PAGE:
According to Chatelaine, most Canadians underestimate their kitchen renovation budgets. Obviously, this can be a serious problem. How can you avoid it? Don’t start with the budget!
Always start with ANALYSIS
No matter how much money you have to spend, analysis is the place to start. It will help you figure out your need-to-haves, nice-to-haves, and want-to-haves. This will help guide the many major and minor decisions that you make throughout your renovation.
Here are the four steps to get you started:
1: What problems are you solving?
If you’re thinking of investing in a home renovation, chances are it’s not just to make things prettier. That may be one goal, but usually there are additional issues. Common issues include:
- spaces that are under-used or awkward
- the need to replace or repair damaged or worn-out things
- a change in lifestyle that changes your needs or wants
2: Dig into the problems
Next, go a little deeper and do some brainstorming. Focus on defining problems instead of proposing solutions: “I can’t have a relaxing bath” instead of “I want a soaker tub.”
Here are some points to get you started:
- Are you doing the activities you want to do in the space? Can you do them well?
- What’s working that you want to keep?
- What different activities would you like to do in the space?
- Is the problem entirely within the space, or is it related to other non-functioning spaces (for example, shoes out of place in the bedroom might be a problem best addressed in the entryway)?
3: How much disruption can you manage?
Major renovations mean major disruptions. Getting a clear picture of how much time, effort, and disorder you are willing to put up with will help define how big or small you want the project to be.
If you are fine with moving out for six months, you can consider a total gut and addition. If you want everything done within a week, you are talking about a much smaller project. The size of the project will have a major impact on the cost.
All renovations bring risk. There is the risk that you will discover an unknown problem in your home, and there are what I call project management risks. At this stage, we want to focus on the unknown problems type of risk.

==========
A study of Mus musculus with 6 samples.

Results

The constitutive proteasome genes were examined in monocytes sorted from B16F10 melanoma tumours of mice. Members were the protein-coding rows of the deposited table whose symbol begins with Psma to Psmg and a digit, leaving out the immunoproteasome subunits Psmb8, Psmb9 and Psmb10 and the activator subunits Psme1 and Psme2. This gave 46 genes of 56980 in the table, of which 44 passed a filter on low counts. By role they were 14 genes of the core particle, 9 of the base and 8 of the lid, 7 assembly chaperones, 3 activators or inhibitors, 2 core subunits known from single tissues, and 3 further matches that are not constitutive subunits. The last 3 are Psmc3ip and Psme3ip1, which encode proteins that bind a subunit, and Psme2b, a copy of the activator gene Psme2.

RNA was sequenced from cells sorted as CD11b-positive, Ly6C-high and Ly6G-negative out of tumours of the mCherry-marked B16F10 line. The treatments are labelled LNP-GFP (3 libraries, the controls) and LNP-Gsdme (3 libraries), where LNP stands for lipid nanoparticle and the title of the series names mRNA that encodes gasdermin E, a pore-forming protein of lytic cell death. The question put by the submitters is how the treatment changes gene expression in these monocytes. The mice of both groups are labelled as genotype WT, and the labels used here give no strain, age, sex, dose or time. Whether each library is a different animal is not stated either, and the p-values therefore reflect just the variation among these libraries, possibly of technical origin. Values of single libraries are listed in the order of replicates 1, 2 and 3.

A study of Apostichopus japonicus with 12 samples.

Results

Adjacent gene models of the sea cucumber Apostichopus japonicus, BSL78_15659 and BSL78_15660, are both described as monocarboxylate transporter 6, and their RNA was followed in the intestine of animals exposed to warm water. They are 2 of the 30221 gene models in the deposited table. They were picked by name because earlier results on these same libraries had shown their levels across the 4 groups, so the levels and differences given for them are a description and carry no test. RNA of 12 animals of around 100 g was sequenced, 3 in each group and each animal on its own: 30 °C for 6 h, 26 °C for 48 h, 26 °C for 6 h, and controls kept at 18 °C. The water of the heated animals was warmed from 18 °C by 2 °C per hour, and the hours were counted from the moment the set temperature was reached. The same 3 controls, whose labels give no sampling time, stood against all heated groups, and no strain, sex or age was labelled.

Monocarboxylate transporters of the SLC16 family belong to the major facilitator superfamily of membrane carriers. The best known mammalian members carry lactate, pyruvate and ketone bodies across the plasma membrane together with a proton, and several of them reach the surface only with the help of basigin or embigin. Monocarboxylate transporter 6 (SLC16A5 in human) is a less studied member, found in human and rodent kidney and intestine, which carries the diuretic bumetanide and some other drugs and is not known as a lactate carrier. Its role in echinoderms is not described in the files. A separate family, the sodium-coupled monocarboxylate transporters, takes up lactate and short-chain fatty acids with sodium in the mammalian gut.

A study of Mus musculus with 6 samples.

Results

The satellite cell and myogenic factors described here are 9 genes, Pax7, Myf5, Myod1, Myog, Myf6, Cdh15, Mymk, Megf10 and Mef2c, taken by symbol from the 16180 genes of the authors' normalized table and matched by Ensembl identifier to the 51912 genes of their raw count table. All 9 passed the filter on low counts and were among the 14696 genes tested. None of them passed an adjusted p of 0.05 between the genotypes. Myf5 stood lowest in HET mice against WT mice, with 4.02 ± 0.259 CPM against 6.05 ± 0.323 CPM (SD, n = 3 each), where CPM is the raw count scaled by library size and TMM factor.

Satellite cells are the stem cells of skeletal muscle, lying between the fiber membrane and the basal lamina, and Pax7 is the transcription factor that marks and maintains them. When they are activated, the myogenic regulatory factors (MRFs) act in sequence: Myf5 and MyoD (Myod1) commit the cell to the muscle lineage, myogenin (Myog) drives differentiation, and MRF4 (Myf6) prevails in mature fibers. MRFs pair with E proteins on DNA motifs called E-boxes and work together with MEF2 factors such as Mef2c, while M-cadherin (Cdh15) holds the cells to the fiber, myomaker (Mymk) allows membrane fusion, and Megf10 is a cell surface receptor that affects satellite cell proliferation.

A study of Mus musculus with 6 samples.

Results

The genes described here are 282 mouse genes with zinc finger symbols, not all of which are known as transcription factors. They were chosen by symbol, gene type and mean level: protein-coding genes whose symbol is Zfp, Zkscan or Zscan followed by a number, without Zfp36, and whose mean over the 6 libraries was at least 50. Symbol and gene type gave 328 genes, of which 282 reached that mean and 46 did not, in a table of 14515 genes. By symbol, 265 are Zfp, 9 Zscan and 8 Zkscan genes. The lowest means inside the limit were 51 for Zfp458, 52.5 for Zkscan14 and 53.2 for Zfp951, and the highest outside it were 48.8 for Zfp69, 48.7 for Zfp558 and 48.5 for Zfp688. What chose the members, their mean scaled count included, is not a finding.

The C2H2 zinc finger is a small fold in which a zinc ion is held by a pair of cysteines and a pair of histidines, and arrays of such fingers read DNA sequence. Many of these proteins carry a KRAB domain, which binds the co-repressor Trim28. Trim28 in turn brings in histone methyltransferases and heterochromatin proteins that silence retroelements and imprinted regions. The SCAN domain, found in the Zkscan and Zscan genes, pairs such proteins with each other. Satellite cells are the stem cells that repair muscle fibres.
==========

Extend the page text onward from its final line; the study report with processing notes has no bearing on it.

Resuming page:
At this stage, you need to consider how much risk you can manage in terms of time and cost overruns.
Almost any renovation problem can be solved with enough money. So, how much money do you have to throw at things like discovering a termite infestation or a plumbing disaster that stalls the main renovation plan?
For a standard risk project, we recommend setting 15-20% of your total budget aside in a contingency fund. Plan for a larger contingency fund for riskier projects. Larger projects and renovations on older houses generally carry increased risk. According to MoneySense, depending on the size of the renovation and the contractor, you may need as much as 30-50% for contingencies.
Next, CONSULT THE EXPERTS
Whether you plan to do your project yourself or hire a contractor, once you have an idea of the problems you want to solve, consulting a designer or architect is a good idea.
I know this seems like a plug, but remember our story about the people who thought they had to spend several thousand dollars replacing ugly tile but discovered all they really needed was a few buckets of paint? If you bring in a designer while you are still planning the project, you will maximize your ability to find money-saving solutions to the problems you need to solve.
What we’re recommending here is different from getting a design quote, where you’d need to know your budget already.
We recommend a paid, one or two hour consultation with an interior designer, architect, or both (depending on the type of project).
This sort of design consult will allow you to discuss the problems you’ve identified, along with your risk tolerance, timelines, and maximum budget cap in order to hone in on the best project options. Basically, you can review the work you did in step one with a professional to see what you may have missed, and find out if they have additional ideas.
This is the time when you have the best chance to save the most money. Discovering that you can solve your problem without digging out your basement, building a new addition, or replacing all your tile will represent major savings that cannot be achieved at any other time in the process.
And making sure that you have a clear understanding of the risk, as well as additional costs like permits, will mean you can make informed decisions about any compromises you may have to make.
More and more design firms are offering this sort of hourly consulting, so don’t be afraid to contact a local designer and ask! And, yes, if you are in Kitchener-Waterloo, we definitely do this sort of consulting.
At Lenore Brooks Design, a planning consultation goes into detail about your needs, answers your questions, and suggests solutions. If you decide to hire us for a custom design within two months of a planning consult, we consider those hours as part of the whole project, with the fee already credited to your account.Interested in a planning consult? Let us know!
Finally: begin the BUDGET
Once you’ve completed your analysis and you have a better handle on the nitty gritty of what it is you’re going to do, you’re ready to start budgeting.
In part 2, we show you how to take all the information you collected here, and turn it into a realistic budget for your project.